Grizzly: My Life and Times in Cricket

Published: 2015
Pages: 288
Author: Adams, Chris
Publisher: Pitch Publishing
Rating: 4.5 stars

There is always going to be the exception that proves the rule, but time and again I find that cricketing autobiographies of the recently retired are much more interesting if they concern the careers of those who don’t quite reach the top, rather than those who have had years of international cricket. Chris ‘Grizzly’ Adams is a perfect example and this book, written with the assistance of Bruce Talbot, is a fine read.

I have often wondered why books like this tend to be so much better, and have come up with a few ideas over the years. One is that I suspect the big star, with greater demands on his time, simply has fewer hours to spend with his ‘ghost’, the result being a less than rounded account. The novelty of the stories the author has to tell are a factor as well. A major star will have played in many well known Tests, so it may well be that little of the cricketing content is actually new. Adams only played in five Tests, so his international career is not the most substantial part of the book. That is in stark contrast with his county career. There were no central contracts when Adams started, but the influence of the leading players in the County Championship was already on the wane, so there are very many stories in this book that are decidedly unfamiliar.

How good a batsman was Chris Adams? Better than his haul of five Test caps suggests has always been my view. Had Adams been born a Londoner, or perhaps a Yorkshireman, and played for a ‘fashionable’ county then there can be little doubt there would have been more caps. He admits there was the occasional error of judgment in things he said or did along the way, but it is difficult to avoid the conclusion that never having played for the right county was as big a factor as any in that truncated career.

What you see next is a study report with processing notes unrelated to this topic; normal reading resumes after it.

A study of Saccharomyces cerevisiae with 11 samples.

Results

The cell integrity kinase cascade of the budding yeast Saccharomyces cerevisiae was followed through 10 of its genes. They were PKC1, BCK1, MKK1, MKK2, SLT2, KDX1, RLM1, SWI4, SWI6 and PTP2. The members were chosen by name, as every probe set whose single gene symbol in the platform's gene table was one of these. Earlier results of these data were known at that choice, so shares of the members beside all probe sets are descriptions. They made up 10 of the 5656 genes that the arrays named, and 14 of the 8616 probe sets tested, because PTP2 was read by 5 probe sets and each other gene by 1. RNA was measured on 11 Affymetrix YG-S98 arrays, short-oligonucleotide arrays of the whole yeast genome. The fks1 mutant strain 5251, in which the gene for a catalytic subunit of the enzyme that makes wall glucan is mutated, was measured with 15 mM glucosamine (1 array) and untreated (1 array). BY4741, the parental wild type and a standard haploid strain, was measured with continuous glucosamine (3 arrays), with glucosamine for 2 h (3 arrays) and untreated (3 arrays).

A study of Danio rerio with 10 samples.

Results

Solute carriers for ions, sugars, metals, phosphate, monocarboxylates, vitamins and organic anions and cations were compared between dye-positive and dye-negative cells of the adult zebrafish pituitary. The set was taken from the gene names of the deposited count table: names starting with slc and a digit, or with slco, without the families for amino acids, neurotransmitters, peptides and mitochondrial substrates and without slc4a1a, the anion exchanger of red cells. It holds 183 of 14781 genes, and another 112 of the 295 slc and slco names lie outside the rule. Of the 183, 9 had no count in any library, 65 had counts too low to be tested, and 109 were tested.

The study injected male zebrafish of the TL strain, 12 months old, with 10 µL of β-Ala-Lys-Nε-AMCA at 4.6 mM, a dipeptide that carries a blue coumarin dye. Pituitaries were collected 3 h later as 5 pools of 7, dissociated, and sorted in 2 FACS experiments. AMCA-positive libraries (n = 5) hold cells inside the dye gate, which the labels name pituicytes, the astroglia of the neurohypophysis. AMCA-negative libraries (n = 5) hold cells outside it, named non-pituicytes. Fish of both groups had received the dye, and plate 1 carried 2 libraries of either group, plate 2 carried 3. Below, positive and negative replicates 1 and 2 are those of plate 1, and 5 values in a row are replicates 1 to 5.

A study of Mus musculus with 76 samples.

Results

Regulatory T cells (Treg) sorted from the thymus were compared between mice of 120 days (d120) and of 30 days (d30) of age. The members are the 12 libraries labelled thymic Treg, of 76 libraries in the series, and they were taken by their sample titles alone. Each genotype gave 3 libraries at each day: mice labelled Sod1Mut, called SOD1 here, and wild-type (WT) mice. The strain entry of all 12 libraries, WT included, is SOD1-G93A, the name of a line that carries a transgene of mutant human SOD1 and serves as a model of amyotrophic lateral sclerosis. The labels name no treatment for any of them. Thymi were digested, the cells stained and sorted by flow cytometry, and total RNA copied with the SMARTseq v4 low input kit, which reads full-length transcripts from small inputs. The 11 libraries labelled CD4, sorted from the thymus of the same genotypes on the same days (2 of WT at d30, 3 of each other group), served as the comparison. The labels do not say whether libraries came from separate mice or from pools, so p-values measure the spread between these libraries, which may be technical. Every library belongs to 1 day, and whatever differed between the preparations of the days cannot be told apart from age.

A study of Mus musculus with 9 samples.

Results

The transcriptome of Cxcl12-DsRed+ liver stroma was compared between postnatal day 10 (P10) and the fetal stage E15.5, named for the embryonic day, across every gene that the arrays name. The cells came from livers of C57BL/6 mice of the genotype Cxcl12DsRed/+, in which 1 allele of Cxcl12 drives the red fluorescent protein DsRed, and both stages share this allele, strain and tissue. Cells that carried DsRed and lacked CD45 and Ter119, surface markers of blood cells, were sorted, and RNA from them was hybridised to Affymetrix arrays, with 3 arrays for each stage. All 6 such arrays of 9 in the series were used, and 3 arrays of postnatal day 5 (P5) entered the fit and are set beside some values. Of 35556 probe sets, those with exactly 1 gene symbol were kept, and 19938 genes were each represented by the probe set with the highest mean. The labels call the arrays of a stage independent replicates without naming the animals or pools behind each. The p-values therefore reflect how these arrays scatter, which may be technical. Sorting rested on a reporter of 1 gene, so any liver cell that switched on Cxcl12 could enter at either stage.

It can’t have helped that those five Tests were particularly tough ones. All were in South Africa, and England were 2-4 in the third over when Adams faced his first delivery in Test cricket. As his opening chapter explains he hung around for an hour, but too often in the series Adams made a start without going on, and his Test career ended when he was dismissed for just a single in the now discredited run chase at Centurion in the final match of the series.

The story of Adams’ rise and fall at his first county, Derbyshire, is illuminating. That of his move to Sussex and his captaining the Martlets to their first Championships is exhilarating. The frankness of the account is particularly striking. The good feelings when he did well, the frustrations when things didn’t go so well, and where, when things went wrong, he believes he made his mistakes.

It probably helps that, despite his having a fine record against Lancashire, I have always liked Chris Adams. But I certainly felt by the time I had finished his book that he had had a raw deal from the England hierarchy, and was treated rather shabbily by Derbyshire and Surrey, the county who he coached after his playing career ended following the conclusion of the 2008 summer. Adams is honest about his feelings, and always willing to express regret where he feels, on reflection he made mistakes. In addition Adams doesn’t shy away from the tragic events of the death of his young Sussex teammate Umer Rashid, and that of his enormously talented and popular young charge at Surrey, Tom Maynard.

Although Chris Adams gets a good deal of sympathy from me I do bear in mind, as does he, that there were many positives. Whatever might have gone wrong in his life, and as noted there were some genuine tragedies, he did still spend two decades playing cricket for a living and did so successfully and without having to spend much time on the treatment table. So in truth Grizzly: My Life and Times in Cricket is a celebration of a live well lived, and is a story that is remarkably well written. It is highly recommended.